Date of Award

2016

Document type

Thesis

Degree Name

Masters theses/dissertations - taught courses

First Supervisor

Dr Pauline Connolly

Keywords

Booster, CPR, Nurses, A/E

Abstract

Background:

The quality of cardiopulmonary resuscitation (CPR) is an important determinant of survival from cardiac arrest. However, the evidence suggests that retention of BLS knowledge and skills is reduced. The aim of this organizational development (O.D.) project was to improve retention of CPR psychomotor skills for nurses working in Accident and Emergency (A/E) Department in a tertiary care hospital through the introduction of booster CPR simulation training.

Methods:

Pre and post testing of the staffs' CPR skills were done according to their availability in the unit. After filling up the survey questionnaire, an adopted CPR skills checklist was utilized in the pretest session following a CPR scenario. After debriefing, an interactive on spot training was provided. Later, participants undertook an unscheduled post-test after four weeks that included the same pretest items.

Results:

Kirkpatrick's model was employed to evaluate the booster CPR simulation training. Twenty-seven nurses working in A/E department were included. The effectiveness of CPR simulation training was shown in the project by an overall improvement in CPR skills and BLS scores post training (average score of 17.85 comparing to 16.00 pre-training, P= 0.001). Besides, there was an increase in the efficiency of conducting individual CPR skills like chest compression and assisting ventilation.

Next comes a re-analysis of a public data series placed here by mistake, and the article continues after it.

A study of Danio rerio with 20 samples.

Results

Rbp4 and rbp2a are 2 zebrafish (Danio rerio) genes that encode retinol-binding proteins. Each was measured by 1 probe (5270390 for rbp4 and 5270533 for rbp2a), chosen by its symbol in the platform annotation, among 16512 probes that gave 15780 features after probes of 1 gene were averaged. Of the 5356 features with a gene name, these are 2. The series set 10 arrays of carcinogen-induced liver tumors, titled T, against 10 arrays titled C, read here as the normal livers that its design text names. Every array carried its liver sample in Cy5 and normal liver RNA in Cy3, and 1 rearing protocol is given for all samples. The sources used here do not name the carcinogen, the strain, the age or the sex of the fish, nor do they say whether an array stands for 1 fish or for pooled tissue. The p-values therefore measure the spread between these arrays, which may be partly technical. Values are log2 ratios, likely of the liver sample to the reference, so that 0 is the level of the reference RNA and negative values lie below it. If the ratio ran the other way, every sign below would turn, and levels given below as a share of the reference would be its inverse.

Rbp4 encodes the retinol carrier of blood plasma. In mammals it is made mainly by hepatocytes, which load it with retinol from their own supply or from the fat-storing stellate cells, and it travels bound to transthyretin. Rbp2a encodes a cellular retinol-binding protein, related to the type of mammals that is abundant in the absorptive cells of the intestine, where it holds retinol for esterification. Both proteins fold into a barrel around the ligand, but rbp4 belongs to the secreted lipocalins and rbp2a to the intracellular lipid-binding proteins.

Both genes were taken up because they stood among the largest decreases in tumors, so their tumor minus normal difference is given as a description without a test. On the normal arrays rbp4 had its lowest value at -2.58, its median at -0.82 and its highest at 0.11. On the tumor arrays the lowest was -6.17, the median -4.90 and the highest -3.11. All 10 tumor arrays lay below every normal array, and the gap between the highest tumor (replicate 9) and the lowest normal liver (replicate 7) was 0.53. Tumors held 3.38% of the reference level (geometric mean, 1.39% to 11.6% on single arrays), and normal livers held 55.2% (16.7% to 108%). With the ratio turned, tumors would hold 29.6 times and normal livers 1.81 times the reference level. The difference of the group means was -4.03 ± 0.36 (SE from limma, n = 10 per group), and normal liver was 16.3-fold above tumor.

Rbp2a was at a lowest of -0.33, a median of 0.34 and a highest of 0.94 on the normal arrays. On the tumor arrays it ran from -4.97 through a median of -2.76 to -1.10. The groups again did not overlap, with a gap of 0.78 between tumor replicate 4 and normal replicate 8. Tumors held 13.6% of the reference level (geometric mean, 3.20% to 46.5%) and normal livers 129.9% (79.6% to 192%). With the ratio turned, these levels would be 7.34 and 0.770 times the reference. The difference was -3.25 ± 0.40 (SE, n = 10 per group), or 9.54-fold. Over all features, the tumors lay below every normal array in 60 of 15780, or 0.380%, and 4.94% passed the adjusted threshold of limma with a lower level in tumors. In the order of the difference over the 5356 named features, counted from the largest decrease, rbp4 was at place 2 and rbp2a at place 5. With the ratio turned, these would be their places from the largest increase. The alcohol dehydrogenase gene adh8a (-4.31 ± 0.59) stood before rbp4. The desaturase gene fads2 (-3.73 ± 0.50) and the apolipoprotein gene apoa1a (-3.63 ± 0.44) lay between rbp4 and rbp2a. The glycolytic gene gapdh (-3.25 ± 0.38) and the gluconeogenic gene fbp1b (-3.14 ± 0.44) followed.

Conclusion:

The project provided data on the efficacy of such simulation sessions on the skills and performance of nurses which will guide the management to update the CPR policy in the organization. Refreshment BLS training sessions for nurses are highly recommended to increase the readiness of nurses to implement their knowledge and skills in performing high-quality CPR. Improving quality of care for those critical patients will improve their survival rates post-cardiac arrest.

Creative Commons License

Creative Commons License
This work is licensed under a Creative Commons Attribution-Noncommercial-Share Alike 4.0 License.

File Size

1.63 MB

Comments

A Dissertation submitted in part fulfillment of the degree of MSc Health Professional Education, Institute of Leadership, Royal College of Surgeons in Ireland 2016.